OBJECTIVE

The authors sought to investigate the pearls and pitfalls of using the semisitting position in pediatric neurosurgery, with special focus on related morbidity and surgical practicability.

METHODS

All pediatric cases at a single institution were evaluated retrospectively. Those patients who underwent procedures in the semisitting position between December 2010 and December 2020 were included in the final analysis. Results were compared with all children who underwent surgery in the prone position for posterior fossa lesions within the same time frame.

RESULTS

A total of 42 posterior fossa surgeries were performed in 38 children in the semisitting position between December 2010 and December 2020. The mean patient age at the time of surgery was 8.9 years (range 13 months–18 years). The data of 24 surgeries performed in the prone position in 22 children during the same time frame were analyzed in comparison. Three children (7.9%) were diagnosed with a persistent foramen ovale preoperatively. The surgery was completed in all cases. The incidence of venous air embolism (VAE) was 11.9%. There was no VAE-related hemodynamic instability, infarction, or death. Endoscopic techniques were applied safely in 14 cases (33.3%). Postoperative pneumocephalus occurred significantly more frequently in patients who had undergone procedures in the semisitting position (p < 0.05), but without the need for intervention. During 1 surgery (2.4%), the patient experienced a postoperative skull fracture and epidural bleeding due to the skull clamp application. Clinical status of the patients immediately after surgery was improved or stable in 33 of the 42 surgeries (78.6%) performed in the semisitting position.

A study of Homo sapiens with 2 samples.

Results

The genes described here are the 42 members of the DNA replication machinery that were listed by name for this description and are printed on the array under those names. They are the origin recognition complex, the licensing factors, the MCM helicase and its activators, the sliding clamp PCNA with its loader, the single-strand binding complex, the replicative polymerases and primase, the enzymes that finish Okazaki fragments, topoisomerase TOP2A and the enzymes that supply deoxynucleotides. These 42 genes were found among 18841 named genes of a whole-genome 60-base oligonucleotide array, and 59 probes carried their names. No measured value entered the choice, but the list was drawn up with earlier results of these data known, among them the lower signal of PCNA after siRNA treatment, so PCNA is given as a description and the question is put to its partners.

CONCLUSIONS

With attentive performance and an experienced surgical team, the semisitting position is a safe option for posterior fossa surgery in the pediatric population. With a comparable complication profile, the semisitting position offers excellent anatomical exposure, which is ideal for the application of endoscopic visualization. Careful skull clamp application and appropriate monitoring are highly recommended.